Lesbian, Gay, Bisexual and Transgender LGBT+ (health and wellbeing needs in South Tyneside)
Although good progress has been made in the field of equal rights for lesbian, gay, bisexual and transgender people in the UK, there are still people who experience discrimination across the life-course as a result of their sexual orientation or gender identity. LGBT+ people are also unequally affected by a number of health issues and wider determinants which may also impact on their future outcomes.
Policy and decision makers have a duty under the Public Sector Equality Duty under the Equality Act 2010 to take the health needs of LGBT+ communities in planning and delivering publicly funded services.
This health needs assessment contributes to both these duties by highlighting the needs of the lesbian, gay, bisexual and transgender population in South Tyneside. By building a better understanding of these needs as part of the JSNAA- public sector organisations can use this knowledge to further reduce the health inequalities experienced by sexual and gender minorities.
In law, the term "LGBT+" covers two protected characteristics under the Equality Act (2010): sexual orientation and gender identity. However, for the purposes of understanding different needs, the term LGBT+ is used here to cover four distinct groups with very different needs and expectations:
- Lesbian - a woman who is attracted to other women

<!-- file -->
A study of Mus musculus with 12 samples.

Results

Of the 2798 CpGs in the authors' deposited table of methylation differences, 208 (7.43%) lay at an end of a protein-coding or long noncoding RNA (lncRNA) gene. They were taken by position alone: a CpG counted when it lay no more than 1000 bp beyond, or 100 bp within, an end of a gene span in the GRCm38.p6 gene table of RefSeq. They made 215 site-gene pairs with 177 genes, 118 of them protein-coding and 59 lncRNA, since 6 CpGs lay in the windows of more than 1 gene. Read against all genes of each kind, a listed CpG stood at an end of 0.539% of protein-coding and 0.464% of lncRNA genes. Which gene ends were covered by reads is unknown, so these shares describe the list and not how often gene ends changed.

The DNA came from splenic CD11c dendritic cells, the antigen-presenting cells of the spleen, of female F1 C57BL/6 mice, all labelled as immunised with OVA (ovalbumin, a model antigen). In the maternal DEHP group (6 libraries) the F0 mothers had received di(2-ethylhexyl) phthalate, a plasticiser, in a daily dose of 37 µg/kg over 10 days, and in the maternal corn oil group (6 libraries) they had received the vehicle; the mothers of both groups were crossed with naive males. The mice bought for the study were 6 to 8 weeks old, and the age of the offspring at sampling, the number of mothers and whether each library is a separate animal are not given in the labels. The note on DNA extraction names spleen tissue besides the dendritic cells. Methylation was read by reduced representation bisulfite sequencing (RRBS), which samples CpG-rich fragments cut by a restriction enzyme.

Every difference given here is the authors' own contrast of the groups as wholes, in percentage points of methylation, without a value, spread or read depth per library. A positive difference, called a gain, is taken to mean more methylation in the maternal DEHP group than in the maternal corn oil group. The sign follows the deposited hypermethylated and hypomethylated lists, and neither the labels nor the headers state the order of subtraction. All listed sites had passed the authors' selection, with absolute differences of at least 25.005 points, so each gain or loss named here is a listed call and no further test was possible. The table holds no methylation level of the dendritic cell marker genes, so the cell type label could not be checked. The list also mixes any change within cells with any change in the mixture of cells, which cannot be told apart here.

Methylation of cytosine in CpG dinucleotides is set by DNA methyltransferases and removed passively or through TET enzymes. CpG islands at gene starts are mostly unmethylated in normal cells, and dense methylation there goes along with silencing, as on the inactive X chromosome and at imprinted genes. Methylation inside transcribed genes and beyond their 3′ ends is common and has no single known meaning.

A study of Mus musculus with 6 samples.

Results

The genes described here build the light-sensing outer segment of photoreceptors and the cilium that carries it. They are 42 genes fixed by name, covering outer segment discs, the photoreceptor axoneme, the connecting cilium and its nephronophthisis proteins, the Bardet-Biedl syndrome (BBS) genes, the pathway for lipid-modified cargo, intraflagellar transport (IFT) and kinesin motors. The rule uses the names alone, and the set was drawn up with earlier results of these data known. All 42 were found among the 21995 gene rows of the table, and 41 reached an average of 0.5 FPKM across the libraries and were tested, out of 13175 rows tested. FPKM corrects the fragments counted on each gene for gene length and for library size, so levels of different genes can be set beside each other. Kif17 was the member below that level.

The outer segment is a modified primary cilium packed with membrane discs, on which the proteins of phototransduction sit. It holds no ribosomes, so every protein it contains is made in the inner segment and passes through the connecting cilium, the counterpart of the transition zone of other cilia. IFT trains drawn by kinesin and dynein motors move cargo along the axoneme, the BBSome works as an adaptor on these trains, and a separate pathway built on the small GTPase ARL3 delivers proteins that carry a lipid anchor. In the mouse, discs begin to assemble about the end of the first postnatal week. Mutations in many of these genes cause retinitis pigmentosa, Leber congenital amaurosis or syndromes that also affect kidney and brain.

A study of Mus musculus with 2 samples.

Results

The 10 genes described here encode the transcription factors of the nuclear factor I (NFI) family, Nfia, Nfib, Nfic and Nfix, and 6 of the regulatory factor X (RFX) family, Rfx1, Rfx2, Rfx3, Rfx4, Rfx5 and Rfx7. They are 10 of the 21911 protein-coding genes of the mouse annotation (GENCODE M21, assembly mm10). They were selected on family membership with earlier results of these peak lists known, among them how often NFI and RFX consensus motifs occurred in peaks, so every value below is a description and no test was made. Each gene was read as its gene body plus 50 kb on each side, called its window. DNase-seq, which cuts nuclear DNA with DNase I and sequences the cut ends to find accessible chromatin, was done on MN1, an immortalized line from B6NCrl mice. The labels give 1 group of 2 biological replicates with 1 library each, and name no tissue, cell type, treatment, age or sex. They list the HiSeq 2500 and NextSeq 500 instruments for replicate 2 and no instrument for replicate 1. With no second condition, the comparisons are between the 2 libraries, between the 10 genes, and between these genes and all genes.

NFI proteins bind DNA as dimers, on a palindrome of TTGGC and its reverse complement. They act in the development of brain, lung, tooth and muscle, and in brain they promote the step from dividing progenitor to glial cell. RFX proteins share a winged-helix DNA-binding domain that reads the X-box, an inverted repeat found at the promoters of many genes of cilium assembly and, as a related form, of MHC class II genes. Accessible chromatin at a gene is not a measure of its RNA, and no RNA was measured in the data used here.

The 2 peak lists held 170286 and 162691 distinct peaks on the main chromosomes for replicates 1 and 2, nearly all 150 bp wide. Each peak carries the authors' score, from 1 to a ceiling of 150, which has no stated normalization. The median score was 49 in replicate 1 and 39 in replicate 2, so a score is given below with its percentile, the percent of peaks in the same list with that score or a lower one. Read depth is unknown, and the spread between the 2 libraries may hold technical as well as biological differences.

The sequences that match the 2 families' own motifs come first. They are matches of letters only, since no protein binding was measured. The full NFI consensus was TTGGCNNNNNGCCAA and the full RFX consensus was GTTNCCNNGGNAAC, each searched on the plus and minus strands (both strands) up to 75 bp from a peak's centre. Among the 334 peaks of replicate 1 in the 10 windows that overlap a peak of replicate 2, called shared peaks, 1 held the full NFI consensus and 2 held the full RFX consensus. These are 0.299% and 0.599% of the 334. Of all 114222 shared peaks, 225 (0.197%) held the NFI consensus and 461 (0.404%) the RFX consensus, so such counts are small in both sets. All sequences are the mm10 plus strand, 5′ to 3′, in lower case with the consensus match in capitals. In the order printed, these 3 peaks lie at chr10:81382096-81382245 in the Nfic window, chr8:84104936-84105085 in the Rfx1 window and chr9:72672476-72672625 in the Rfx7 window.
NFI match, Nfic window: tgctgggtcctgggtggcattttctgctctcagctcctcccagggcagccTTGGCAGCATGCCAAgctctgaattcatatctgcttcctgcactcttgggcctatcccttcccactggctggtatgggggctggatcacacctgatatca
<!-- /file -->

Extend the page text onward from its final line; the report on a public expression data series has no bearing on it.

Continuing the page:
- Gay - a man or woman who is attracted to people of the same gender
- Bisexual - a person attracted to the same gender and / or opposite gender
- Transgender - a person whose gender identity and / or gender expression differs from the sex they were assigned at birth.
There are two additional groups - men who have sex with men (MSM) and women who have sex with women (WSW). These people do not identify as gay or lesbian and would not consider themselves to be part of the LGBT+ community, but because of common behaviours may also share similar inequalities and health risk factors.
These terms are used interchangeably for the purpose of this report however. individuals may also use different terms to describe their sexuality which aren't covered here.
It is worth noting that LGBT+ people should not be defined by their sexuality alone. Within the LGBT+ population there are intersectionality's of race or disability which create greater health inequalities. These complexities or not covered by this chapter.